By Steve Moore | Thursday 29 June 2017


Disclosure: I have no positions in any stocks mentioned, and no plans to initiate any positions within the next 72 hours. I wrote this article myself, and it expresses my own opinions. I am not receiving compensation for it (other than from ShareProphets). I have no business relationship with any company whose stock is mentioned in this article.


Previously writing on Utilitywise (UTW), I concluded continue to avoid as the shares recovered a bit from sub 130p - Flattery from the company for Brendan, but will he be able to rectify the red flags ahoy? There is today a “Projected under-consumption of energy contracts” announcement – and the shares are currently crashing below 80p.

The under-consumption issue is noted to relate to certain contracts placed with one of the major energy companies dealt with by the group – and is particularly problematic since Utilitywise significantly recognises expected values on contracts commencing and, in this case, notes “the group receives 80% of its expected total commission on each new business contract from the energy company upon the commencement of supply of energy under the contract”.

It has here “agreed to make repayments of commissions, previously paid to Utilitywise, totalling £7.6m between June 2017 and December 2020” and “will recognise an accounting charge for the full potential impact, estimated at £11.2m, subject to external audit, in its income statement in the year ended 31 July 2017”, though argues further risk substantially mitigated by “changes in internal controls by both the group and the energy company since August 2016”, as well as a “substantial cessation of placement of business to the energy supplier using the Nominated Quantity estimation method”.

This estimation method is used where it is not possible to determine the expected level of consumption using historic evidence – and the company notes the proportion of contracts using it “has historically made up less than 10% of new contracts overall, but was significantly higher than this level with the energy company, compared to other energy suppliers” and that it “is satisfied that this issue is materially specific to those contracts placed with the energy company and that the risk of similar issues arising with other energy suppliers is low”.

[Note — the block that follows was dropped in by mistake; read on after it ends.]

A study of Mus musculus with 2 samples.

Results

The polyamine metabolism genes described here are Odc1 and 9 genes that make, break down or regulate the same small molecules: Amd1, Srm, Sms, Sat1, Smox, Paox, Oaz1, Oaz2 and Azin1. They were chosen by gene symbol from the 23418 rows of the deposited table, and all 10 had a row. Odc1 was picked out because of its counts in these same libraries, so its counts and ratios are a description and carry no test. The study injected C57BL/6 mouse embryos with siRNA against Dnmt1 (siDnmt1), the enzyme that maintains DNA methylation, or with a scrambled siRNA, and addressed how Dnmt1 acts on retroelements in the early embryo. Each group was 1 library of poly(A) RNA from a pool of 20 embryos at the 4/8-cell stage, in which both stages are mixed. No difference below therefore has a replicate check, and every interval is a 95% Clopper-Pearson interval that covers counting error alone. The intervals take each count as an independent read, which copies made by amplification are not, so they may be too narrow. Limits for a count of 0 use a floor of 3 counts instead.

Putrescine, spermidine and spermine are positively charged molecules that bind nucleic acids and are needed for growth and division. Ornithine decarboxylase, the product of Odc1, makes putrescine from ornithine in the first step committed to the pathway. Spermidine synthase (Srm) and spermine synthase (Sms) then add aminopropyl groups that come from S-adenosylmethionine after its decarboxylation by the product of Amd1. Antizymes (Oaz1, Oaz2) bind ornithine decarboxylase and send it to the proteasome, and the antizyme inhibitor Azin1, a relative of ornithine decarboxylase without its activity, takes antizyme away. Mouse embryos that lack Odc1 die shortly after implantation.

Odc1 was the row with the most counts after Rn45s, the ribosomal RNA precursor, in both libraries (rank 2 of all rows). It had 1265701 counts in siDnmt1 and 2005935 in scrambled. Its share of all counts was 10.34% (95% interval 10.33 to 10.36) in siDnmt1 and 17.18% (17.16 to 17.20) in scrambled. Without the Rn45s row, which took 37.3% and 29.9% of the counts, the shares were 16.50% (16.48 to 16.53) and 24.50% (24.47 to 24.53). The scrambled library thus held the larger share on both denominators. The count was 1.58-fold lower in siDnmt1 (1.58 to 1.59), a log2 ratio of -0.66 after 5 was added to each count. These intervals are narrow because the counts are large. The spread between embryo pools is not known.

The internal control changes see “the board is confident that contracts placed after August 2016 with the energy company will show more normal levels of consumption over the lives of those contracts”, but of the noted £7.6 million, “approximately £5.7m of this amount relates to contracts that commenced prior to September 2016… with the balance of £1.9m made up of contracts that were placed after that date”.

The company though argues it anticipates financial upside from the contracts placed after August 2016 at their conclusion (mainly in 2020 and 2021) - as it expects them to have shown “a normalised level of consumption”. Hmmm. October 2016-commenced CEO Brendan Flattery summarises;

“Along with the board, the management and I are confident that the risk of similar issues with other suppliers is minimal. We have been working hard in terms of preparing Utilitywise for its next phase of growth. Part of this process has been increasing the transparency of the balance sheet, including the decision to discontinue cash advances from suppliers as well as improving our internal controls and methodology for estimating future energy usage when determining contracts with our energy suppliers. With an extensive portfolio of services in place and a focus on providing a great customer experience, Utilitywise has a strong platform for continued growth.”

Hmmm. Is there anything else to emerge from the changes required to ‘increase transparency’? The visibility here sees me continue to avoid.